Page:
Politicians sell products and services. The products are the parties they represent and, more specifically, the constituency MPs that the parties offer. The services are the policies that they would have us believe improve the quality of our lives, our prosperity and our prospects. It follows that the ability of the political parties to sell us these products and services is prescribed by their strength of marketing during this election campaign.
Last week, their brochures appeared – though politicians prefer to call them manifestos. In marketing terms, these are not good documents. There are no strong “invitations to read”, they are unduly long-winded and there are no clear usps.
It is the topic of business that concerns me here and, as one would expect, there is little differentiation between, and few surprises from, the main parties on the commercial agenda. There is much talk of skills, infrastructure and new markets (Labour); enterprise, small businesses and lowered burdens (Conservative); and primacy of education, independent reserve banks and early payments of debts (Liberal Democrats).
But in competition policy, an important opportunity for genuine differentiation has been missed by the incumbent Government (though for understandable reasons), while New Labour shows no signs of capitalising on the issue.
Labour promises reformed and tougher competition law “to deter anti-competitive practices and abuses of market power”, while the Tories major on our competitive advantage coming from “the lower costs facing our businesses” and the threats to the British cost-base posed by the Social Chapter and the national minimum wage.
I can find no imaginative development in the differences between the public and private sectors that have developed over the past 18 years of Conservative government, nor any indication as to how that distinction could be exploited to the advantage of a government in power, on behalf of the people that such industries serve.
Many services – particularly privatised utility services – remain strongly associated in the public mind with a responsibility of government. If our lights go out, or the water dries in the tap, or even if our phone fails to make a connection, we remain far more likely to blame government than the companies that deliver these services. It may be that the companies collect some brickbats, but they are invariably delivered in the context of “so much for privatisation”.
The Government has created a terrible dilemma for itself during the past decade in the time when privatisation really developed its radical momentum. On the one hand, it wants very much to be able to say that the private sector must look after itself and that market forces are not for governments to meddle in. On the other hand, it is keenly aware that, as the Government of privatisation, it cannot wash its hands entirely of the private sector. All too often the reply to a government that claims no responsibility for the standards of private-sector services would be: “Yes, but you privatised it.”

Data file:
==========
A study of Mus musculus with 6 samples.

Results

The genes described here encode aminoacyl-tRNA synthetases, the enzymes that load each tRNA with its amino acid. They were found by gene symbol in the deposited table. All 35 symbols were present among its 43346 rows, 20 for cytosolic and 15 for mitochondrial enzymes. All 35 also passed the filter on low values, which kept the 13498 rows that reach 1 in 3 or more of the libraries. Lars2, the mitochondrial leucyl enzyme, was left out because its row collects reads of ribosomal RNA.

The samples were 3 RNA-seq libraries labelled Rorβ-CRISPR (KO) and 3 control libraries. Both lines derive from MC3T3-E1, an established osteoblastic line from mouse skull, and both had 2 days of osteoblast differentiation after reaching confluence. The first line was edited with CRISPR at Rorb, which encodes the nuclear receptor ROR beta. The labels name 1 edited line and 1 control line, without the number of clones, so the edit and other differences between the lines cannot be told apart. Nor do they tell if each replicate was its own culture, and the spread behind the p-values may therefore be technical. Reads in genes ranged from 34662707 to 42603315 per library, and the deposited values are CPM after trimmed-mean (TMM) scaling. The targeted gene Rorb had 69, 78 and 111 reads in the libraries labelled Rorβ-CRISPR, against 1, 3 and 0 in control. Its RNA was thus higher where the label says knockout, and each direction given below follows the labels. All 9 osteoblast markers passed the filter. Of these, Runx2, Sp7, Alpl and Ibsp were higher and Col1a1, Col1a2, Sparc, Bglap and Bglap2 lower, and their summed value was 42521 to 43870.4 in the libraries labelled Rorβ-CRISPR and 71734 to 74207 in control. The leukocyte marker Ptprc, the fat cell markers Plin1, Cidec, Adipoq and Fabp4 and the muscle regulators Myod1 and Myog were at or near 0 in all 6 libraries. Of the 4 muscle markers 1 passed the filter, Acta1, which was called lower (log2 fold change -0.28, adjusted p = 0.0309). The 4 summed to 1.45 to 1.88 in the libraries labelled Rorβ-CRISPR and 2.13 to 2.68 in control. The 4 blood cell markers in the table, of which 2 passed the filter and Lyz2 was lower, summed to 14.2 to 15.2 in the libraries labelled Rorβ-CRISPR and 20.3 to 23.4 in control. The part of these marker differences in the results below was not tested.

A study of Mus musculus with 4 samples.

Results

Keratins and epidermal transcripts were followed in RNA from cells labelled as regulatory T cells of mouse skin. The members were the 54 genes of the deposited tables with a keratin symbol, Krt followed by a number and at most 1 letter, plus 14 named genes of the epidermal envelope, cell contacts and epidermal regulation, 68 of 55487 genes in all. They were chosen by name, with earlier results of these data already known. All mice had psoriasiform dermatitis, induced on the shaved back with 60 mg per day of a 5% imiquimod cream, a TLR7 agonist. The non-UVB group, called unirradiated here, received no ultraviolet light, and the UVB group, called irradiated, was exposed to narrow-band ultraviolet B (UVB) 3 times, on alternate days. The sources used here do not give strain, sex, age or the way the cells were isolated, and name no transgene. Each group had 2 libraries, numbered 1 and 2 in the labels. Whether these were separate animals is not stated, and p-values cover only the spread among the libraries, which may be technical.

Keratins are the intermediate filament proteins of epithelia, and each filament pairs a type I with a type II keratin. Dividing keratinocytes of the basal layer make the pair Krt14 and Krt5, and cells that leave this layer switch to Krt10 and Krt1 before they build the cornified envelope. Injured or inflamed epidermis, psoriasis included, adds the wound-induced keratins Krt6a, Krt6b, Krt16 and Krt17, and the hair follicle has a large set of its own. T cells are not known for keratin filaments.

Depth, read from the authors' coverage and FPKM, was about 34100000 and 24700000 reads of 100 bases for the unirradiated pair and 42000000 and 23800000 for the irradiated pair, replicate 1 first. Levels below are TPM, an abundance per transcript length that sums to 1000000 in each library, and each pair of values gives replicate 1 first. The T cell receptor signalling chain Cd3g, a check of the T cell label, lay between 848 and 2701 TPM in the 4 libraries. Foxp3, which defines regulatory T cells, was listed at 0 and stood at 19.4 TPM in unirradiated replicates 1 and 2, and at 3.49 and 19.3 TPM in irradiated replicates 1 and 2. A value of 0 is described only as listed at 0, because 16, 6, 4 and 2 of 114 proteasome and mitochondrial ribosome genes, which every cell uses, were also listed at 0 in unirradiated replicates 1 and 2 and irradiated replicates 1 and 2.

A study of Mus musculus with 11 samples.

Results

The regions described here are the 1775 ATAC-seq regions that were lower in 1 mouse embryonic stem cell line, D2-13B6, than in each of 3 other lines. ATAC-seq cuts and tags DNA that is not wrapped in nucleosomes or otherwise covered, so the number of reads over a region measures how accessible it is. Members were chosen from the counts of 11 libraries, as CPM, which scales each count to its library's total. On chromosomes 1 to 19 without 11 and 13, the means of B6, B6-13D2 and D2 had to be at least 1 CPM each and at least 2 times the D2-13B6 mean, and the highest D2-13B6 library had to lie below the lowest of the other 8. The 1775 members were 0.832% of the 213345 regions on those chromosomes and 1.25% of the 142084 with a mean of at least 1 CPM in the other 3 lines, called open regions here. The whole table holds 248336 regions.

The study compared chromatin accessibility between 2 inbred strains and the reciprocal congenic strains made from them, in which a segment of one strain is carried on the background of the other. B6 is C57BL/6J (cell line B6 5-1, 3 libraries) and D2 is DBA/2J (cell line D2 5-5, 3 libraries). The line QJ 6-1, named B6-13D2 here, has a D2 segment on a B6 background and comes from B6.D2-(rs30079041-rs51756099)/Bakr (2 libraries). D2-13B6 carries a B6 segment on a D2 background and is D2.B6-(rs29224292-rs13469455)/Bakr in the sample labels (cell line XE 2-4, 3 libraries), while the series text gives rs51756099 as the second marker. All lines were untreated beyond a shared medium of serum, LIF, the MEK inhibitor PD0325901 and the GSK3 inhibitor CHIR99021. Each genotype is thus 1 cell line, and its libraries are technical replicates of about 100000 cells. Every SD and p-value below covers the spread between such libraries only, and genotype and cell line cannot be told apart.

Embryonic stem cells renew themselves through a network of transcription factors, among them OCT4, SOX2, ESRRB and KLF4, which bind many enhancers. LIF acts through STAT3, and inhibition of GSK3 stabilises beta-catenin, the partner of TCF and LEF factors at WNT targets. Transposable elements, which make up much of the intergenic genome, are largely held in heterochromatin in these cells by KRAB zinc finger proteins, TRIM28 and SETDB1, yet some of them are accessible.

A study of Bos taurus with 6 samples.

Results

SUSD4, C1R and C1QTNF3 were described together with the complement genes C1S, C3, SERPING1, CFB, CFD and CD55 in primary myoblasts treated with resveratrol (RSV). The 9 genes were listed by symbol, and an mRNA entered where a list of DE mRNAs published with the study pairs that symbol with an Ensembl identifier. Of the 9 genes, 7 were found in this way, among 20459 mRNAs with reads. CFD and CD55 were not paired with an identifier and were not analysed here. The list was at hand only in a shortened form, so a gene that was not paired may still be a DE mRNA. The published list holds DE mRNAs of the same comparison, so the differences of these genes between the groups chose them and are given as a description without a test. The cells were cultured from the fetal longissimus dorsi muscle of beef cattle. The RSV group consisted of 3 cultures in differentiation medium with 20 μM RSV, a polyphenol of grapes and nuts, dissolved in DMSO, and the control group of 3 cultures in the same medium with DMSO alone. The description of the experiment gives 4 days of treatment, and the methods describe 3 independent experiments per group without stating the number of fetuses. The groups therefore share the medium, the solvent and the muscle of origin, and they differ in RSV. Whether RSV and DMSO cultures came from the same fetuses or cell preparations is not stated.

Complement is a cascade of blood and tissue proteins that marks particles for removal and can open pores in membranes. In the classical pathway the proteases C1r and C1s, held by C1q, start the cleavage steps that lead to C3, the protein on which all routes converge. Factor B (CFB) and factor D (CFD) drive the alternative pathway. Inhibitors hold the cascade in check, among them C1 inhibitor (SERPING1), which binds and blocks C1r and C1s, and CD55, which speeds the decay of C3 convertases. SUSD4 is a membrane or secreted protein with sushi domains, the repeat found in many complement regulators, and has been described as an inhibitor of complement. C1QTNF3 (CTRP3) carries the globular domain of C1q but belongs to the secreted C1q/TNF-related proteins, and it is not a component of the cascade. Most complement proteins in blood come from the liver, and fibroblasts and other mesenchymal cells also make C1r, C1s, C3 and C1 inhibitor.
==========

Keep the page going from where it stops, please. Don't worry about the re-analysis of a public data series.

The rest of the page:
This has led to corporate liberation in the capital markets, but simultaneous imprisonment in a heavy-handed regime of regulation. British Gas, privatised as a monopoly, has been regulated into a break-up and may, by the millennium, have proved to have been regulated into being taken over by other corporations. BT has been constrained from exploiting its infrastructure in free markets in the UK to the extent that it has been driven to seek its global fortune in collaboration with a US corporation.
The same contradiction between liberation and constraint has led to some odd psychology, too. Michael Heseltine, as Trade Secretary in a supposedly free-enterprise economy, spoke of intervening in industry as necessary before any meal of the day.
I well remember another vivid example of the Government’s inability to let go of the state-owned hand. Just after the Lockerbie air disaster, Sir Norman Payne, then chairman of BAA (the privatised British Airports Authority), was summoned airily to the Department of Transport, for all the world as though he was a nationalised industry lackey.
The challenge has always been for this Government to fulfil its avowed intention and not to meddle in the private sector. But so long as customers and consumers continue to blame politicians, rather than company directors, for the failure of household services or the failure of trains to run on time, then meddle it must.
Yet the experience of other countries proves it must be possible to transfer the perception of responsibility from government to private enterprise. The Americans expect companies, not politicians, to run their lives. And there is some indication that progress in this regard is being made in the UK – in telecoms, for example, we should increasingly see a choice of private providers and networks shouldering the responsibility of supply.
It would be a rich irony indeed if it were to be a Labour government that was the first to have the balls to say: “Nothing to do with us – it’s a private-sector company” (it might add that it didn’t privatise it in the first place). But there was little to presage that in last week’s brochures, full of promises of firmer and fairer regulation.
British industry doesn’t need more regulation, it needs a better private sector – that is the real challenge of the next government.